Pulses and Minuses Smart Meters Communicate and Complicate Utilities’ Lives
AMI is here to stay FYI. Without context sometimes it’s TMI and certainly no LOL matter for the utilities trying to make sense of it.
Nearly half of the world’s utilities have rolled out smart meters to their customers, promising greater ability to craft tailor-made energy use solutions, save money via efficiencies and plug the once analog and basic HVAC and appliance worlds into the digital array of the Internet of Things. Advanced metering infrastructure (AMI) is linking utilities and their customers to a real-time data revolution.
The future is wide open, but this wide-eyed optimism doesn’t really convey the stone-cold complexities that AMI systems pose for their owners. No matter how advanced things are they still malfunction or they (rarely) might be calibrated just a click or two off. Sometimes they simply cost more to operate than expected.
Utilities must deal with it all. How do utilities and their AMI vendors best go about maintaining and operating their systems once they are installed and in long-term operation?
“Yes, it can be done better,” said David Kreiss, managing director for San Diego-based AMI Operations Consulting LLC. “Most utilities do not have a centralized AMI operations center staffed with folks that maintain high levels of reliability. Without the center security risks are higher and addressing non-responding meters is much slower.”
Six of One, Half-Dozen of the Other: Pros and Cons of AMI
• Eliminating manual meter reading
• Better system monitoring
• Reducing peak usage
• Real-time data
• Delaying or cutting need for new generation
• Managing appliances
• Potentially negative customer response
• Challenge to manage and store all that data
• Cybersecurity issues
• Long-term financial and maintenance commitment
• Lack of software integration across business units
• Potential inaccuracy
Global penetration of smart meters is expected to be 800 million installations by 2020 and could approach or exceed 1 billion within the next 10 years. Truthfully, smart meter technology has been around since the 1970s in the form of automatic meter reading (AMR) and shifting to AMI.
Ken Polarek, marketing director with global power management firm Eaton, noted that the large saturation of programmable logic control AMR systems are now being replaced by AMI. The latest and greatest smart meters pulsate with a number of potential benefits in addition to billing and meter reading savings. For example, Polarek said, AMI systems are enabling integrated volt/VAR management, feeder reconfiguration, transformer loading analysis and targeted demand response.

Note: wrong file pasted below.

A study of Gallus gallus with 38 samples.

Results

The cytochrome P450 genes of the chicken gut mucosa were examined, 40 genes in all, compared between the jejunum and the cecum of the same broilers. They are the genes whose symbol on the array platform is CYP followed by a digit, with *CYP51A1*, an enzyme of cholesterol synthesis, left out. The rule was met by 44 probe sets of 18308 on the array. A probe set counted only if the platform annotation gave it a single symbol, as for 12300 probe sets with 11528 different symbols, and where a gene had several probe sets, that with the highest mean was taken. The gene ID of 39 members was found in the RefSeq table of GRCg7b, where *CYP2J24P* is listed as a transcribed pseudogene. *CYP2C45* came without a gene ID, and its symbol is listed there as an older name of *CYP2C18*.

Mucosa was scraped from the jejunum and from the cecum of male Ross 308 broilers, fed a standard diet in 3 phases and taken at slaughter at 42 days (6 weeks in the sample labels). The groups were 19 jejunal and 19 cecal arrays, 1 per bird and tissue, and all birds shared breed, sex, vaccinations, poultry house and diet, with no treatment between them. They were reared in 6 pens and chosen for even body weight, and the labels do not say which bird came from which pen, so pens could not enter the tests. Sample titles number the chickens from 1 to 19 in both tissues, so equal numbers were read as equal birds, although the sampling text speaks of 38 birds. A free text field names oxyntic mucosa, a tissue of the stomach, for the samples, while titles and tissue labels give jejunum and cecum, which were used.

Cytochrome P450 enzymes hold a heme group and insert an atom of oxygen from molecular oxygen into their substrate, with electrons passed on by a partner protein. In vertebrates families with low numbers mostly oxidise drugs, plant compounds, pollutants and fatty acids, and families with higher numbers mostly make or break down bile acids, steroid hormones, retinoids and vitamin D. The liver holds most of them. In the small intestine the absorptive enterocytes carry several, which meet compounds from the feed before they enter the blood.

“Today’s AMI systems include better radio sensitivity, higher power to provide coverage to less densely populated areas, continued increased data throughput for higher densely populated areas and distribution automation applications,” he said.
The pluses from AMI rollouts are universally championed by both utilities and vendors. The challenges also are multi-faceted, considering the need to manage the smart meter lifecycle. Keeping track of and coordinating so many moving parts-including meters, the communication networks, routers and collectors, data collection engines and a data management system-necessitates the need for utilities to develop technology/service roadmaps for those networks.
“More Complex Than Expected”
French consulting firm Capgemini released a report two years ago studying the various cost factors of AMI rollout, maintenance and operations. It found several unique components to those challenges, such as exceptions and error handling, logistics, meter migration and scarcity of skilled resources (Figure 1).
“The quality of the workforce, level of automation and the strength of the business processes are all important elements that will contribute to the overall total cost of ownership of the smart meter network,” Nilabja Guha, lead solution architect for smart grid solutions for Capgemini Utilities Practice in North America, said.
“The identification and analysis of AMI meter and communications issues are more complex than expected,” Guha’s colleague Peter Jansen, senior delivery executive for Capgemini, added. “Operating and analysis tools beyond those supplied by the metering system vendor are needed. These tools include GIS (geographic information system), WMS (work management system) and robust analytical applications. Utilities have found that the meter data alone is not sufficient and must be correlated and processed with a broad array of disparate data sources to provide actionable information.”